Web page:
So this is how I understand it so far: Proteins are made from amino acids. This process is called protein biosynthesis, which is carried out by the ribosomes. So proteins are made by the ribosomes in every single cell.

So are the proteins made by the ribosomes to stay in the cell? Or can a protein move to other cells, and if so, what's the reason behind it?


up vote 10 down vote accepted

Yes. All proteins actually begin to get synthesized on cytoplasmic ribosomes but if they are going to be used for extracellular purposes, they are tagged and whole ribosome is taken to ER where protein synthesis is completed. The proteins are exocytosed with help of Golgi body, the post office tagging and packaging organelle (the Golgi body packages these proteins into the vesicles that fuse with the plasma membrane).

Examples of this process are: the pancreas secreting insulin for blood sugar control, digestive enzymes for digestion, the immune system telling the body there's a bacterium we must fight it and calls more immune cells (cytokines). Most proteins of course stay in the cell, and are necessary to make the cell or carry out metabolism or DNA transcription.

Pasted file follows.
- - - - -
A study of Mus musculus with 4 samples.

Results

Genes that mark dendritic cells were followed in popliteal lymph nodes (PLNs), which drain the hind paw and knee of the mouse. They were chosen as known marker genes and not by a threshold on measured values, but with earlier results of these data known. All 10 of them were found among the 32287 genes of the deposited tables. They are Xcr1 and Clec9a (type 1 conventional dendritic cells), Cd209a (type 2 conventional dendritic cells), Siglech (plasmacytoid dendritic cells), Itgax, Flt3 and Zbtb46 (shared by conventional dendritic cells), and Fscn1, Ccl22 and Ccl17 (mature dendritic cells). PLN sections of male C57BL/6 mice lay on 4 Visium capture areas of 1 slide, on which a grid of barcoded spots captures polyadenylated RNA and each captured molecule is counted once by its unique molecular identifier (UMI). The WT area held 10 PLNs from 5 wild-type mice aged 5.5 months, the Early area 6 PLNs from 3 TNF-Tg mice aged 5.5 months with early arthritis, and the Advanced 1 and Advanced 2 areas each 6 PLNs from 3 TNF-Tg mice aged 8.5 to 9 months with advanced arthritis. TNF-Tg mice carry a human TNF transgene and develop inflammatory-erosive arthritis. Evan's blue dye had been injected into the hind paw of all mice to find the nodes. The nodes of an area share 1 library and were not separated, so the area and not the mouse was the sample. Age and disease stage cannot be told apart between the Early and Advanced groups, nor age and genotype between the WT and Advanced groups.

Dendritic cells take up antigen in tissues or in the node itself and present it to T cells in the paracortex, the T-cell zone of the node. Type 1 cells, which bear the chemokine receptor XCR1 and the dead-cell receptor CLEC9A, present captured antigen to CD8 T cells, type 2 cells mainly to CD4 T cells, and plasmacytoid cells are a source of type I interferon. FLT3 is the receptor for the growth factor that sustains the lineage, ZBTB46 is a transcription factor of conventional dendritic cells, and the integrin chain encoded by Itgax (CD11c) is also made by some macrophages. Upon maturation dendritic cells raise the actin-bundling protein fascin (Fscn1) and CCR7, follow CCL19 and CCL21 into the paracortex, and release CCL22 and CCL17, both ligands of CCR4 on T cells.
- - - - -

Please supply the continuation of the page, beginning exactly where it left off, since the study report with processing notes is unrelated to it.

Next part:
My pleasure Lars! –  AndroidPenguin May 20 '13 at 21:10
    
Thanks Alan :) how did I forget Adrenaline is a steroid hormone... –  AndroidPenguin May 20 '13 at 23:10

  1. Bacteria secret enzymes outside. The bacterial membrane has import size limits and it is necessary for them to chop the big molecule into smaller pieces before import. Examples are glycoside hydrolases and protease. Bacteria take part in the clean-up after the annual algal and jellyfish bloom. It is especially important for the jellyfish because they have few predators and if it were not for the bacteria, their gelatinous body will pile up at our sea bottoms.

  2. Bacteria release protein toxin, either to defend, or use to recognize the host if they are symbionts.

  3. Gram-positive bacteria use peptide as autoinducer to do quorum sensing.

  4. Last but not least, bacteria sometimes form aggregates. The glue among them is chemically very complex (in other words, we don't know exactly what it is). It is believed sugars are there and, proteins too.